History unveiled

Ceremony dedicates historical markers acknowledging enslaved workers

The names — Amanda, Anna, Henry, Jack — are so ordinary they could have come from any class roster on campus.

But these particular names have an extraordinary provenance. They belong to enslaved workers who helped build or worked at South Carolina College — the precursor of the University of South Carolina — before the Civil War. The enslaved workers’ names and acknowledgement of their contributions at the institution during its antebellum era are now immortalized on two bronze historic markers that will be unveiled in a ceremony Dec. 5 at Rutledge Chapel on the Horseshoe.

“These markers have been in the works for quite some time,” says John Dozier, chief diversity officer for the university. "(History professor) Bob Weyeneth’s students conducted research several years ago that has given us the information we have today about the university’s use of enslaved people.”

In addition to a marker that acknowledges the university’s recognition of contributions made on its behalf by enslaved people, a second marker identifies the last remaining kitchen and slave quarters on campus — a brick building located near the southeast corner of the President’s House.

“One purpose of the marker identifying the former slave quarters is to point out an historic building that has not previously been identified like other historic buildings on the Horseshoe,” says Elizabeth West, university archivist. “These markers are a way to begin representing other communities in the university’s past. We have so much more history to share about this institution than just the white men who had power then.”

With West’s assistance, Weyeneth’s students began searching the university’s archives several years ago for evidence of enslaved people used during the campus’ construction and beyond. Combing through receipts and financial reports, the students were able to trace the sources of slave labor that made bricks for the Horseshoe wall, helped construct buildings and assisted with feeding and housing the student body. The students assembled their research into the “Slavery at South Carolina College” website

“The college itself had a few slaves, but much of the enslaved labor force was contracted by South Carolina College from private citizens who owned slaves,” West says. “Faculty members also had their own house slaves who lived in outbuildings behind the faculty residences on the Horseshoe.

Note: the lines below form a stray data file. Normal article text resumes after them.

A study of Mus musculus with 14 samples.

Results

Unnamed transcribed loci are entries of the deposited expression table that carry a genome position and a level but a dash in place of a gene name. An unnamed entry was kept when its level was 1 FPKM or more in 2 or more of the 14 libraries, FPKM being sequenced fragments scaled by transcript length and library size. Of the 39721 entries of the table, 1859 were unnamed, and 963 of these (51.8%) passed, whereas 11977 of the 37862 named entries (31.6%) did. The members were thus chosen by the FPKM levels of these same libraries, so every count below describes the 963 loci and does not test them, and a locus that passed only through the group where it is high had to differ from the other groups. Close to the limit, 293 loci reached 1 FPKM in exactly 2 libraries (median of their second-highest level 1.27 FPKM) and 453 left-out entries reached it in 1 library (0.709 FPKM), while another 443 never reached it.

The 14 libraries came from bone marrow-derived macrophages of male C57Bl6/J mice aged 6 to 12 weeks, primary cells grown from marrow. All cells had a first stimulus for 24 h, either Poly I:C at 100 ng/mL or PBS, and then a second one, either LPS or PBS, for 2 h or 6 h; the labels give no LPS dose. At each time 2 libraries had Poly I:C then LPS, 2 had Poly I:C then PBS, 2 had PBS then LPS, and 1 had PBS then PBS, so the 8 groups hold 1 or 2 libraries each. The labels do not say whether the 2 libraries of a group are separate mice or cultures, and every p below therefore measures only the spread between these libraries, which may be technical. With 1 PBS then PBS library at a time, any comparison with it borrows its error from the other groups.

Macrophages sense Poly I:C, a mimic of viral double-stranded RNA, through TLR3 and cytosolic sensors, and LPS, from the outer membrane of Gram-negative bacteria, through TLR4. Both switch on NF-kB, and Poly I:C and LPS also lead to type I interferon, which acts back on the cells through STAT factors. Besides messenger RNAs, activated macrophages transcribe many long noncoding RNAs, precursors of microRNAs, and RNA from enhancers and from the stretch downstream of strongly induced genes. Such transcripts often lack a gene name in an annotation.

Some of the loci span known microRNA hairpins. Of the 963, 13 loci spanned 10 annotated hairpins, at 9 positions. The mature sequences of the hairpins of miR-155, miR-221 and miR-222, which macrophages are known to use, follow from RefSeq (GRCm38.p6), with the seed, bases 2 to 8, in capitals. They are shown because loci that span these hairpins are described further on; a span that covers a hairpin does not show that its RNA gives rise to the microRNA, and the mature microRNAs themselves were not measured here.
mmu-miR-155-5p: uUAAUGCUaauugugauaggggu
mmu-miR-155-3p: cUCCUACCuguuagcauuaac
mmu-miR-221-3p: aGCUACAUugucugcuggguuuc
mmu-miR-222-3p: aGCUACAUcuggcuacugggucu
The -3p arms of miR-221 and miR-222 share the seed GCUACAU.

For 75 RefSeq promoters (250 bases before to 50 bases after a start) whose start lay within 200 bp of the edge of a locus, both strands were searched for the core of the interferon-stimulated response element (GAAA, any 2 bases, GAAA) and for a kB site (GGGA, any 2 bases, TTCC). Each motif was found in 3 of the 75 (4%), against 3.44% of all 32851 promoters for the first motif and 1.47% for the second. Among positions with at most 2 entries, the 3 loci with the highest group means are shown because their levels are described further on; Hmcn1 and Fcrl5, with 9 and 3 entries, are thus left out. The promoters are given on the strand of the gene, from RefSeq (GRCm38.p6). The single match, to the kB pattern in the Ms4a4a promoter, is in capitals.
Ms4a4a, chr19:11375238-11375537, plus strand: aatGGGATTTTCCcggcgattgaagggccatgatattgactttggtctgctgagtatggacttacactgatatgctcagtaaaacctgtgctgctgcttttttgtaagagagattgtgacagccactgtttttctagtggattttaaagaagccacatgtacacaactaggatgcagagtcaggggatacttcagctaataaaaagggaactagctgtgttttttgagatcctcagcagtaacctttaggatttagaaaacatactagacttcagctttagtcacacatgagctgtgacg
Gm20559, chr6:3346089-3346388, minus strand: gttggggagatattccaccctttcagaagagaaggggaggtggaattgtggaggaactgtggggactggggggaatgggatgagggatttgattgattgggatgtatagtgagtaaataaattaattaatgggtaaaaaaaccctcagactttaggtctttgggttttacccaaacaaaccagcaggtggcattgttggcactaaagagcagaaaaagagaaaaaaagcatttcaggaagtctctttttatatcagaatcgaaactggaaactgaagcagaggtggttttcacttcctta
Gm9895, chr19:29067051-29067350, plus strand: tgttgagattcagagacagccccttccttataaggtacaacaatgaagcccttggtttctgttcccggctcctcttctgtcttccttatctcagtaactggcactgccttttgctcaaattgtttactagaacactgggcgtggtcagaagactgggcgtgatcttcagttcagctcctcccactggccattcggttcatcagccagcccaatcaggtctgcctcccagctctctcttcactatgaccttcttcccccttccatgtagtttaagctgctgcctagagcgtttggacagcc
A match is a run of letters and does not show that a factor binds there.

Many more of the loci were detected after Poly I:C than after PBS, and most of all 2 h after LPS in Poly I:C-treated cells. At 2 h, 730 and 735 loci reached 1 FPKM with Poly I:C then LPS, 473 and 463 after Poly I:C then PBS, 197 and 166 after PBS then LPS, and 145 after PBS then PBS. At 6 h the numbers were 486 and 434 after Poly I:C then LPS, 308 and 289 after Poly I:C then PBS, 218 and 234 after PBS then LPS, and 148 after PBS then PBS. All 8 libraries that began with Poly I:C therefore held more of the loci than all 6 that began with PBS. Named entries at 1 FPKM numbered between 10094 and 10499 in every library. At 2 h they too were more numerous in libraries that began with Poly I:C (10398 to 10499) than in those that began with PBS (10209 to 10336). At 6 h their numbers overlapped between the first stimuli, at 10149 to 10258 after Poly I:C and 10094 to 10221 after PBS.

By the early 20th century, all of those former quarters for slaves had been demolished with the exception of the building behind what is now the President’s House. The historic marker for that building will be mounted near the President’s House with this inscription:

"Slave Quarters — This last remaining kitchen and slave quarters on campus stands as a tangible link to the enslaved people who lived and worked here. South Carolina College, forerunner to the modern university, owned a number of slaves and hired countless others between 1801 and 1865. Enslaved people made significant contributions to the construction and maintenance of college buildings and to daily life on campus. Despite limited references to individuals, enslaved workers who appear by name in archival records include Abraham, Amanda, Anna, Anthony, Charles, Henry, Jack, Jim, Joe, Lucy, Mal., Peter, Sancho and his wife, Simon, Toby, and Tom. Naming these individuals is an effort to remember all of those who made significant and substantial contributions to the University of South Carolina.”

The second marker will be mounted near the top of the Horseshoe and reads as follows:

“Slavery and the South Carolina College — The Horseshoe, the original campus of the University of South Carolina (established in 1801 as the South Carolina College), still appears much as it did in the mid-1800s. Its buildings and historic wall were substantially constructed by slave labor and built of slave-made brick. Enslaved workers were essential to the daily operations of the college, whether they were owned by the faculty or the college itself, or hired from private citizens. Enslaved people lived in outbuildings, one of which still stands behind what is now the President’s House. The University of South Carolina recognizes the vital contributions made by enslaved people.”

Placing the markers on the historic Horseshoe is appropriate, Weyeneth says, because it’s the part of campus most closely tied to the use of slave labor.

“I like to say if you stand on the steps of McKissick and look toward Sumter Street, what you see is a landscape of slavery,” Weyeneth says. “Every building was made of slave-made brick and built by enslaved workers and maintained by enslaved workers. It’s a remarkably intact landscape of slavery, unique among American college campuses today.”

The installation of the new markers shouldn’t be seen as an end in itself, says Dozier: “It’s a step toward complete ownership of who we are as a university. We have been inspired by our students to be more thoughtful about how we tell the history of the university and of the state in more complete ways. This is an attempt to do that; the plaques represent the beginning of how we contextualize our past.”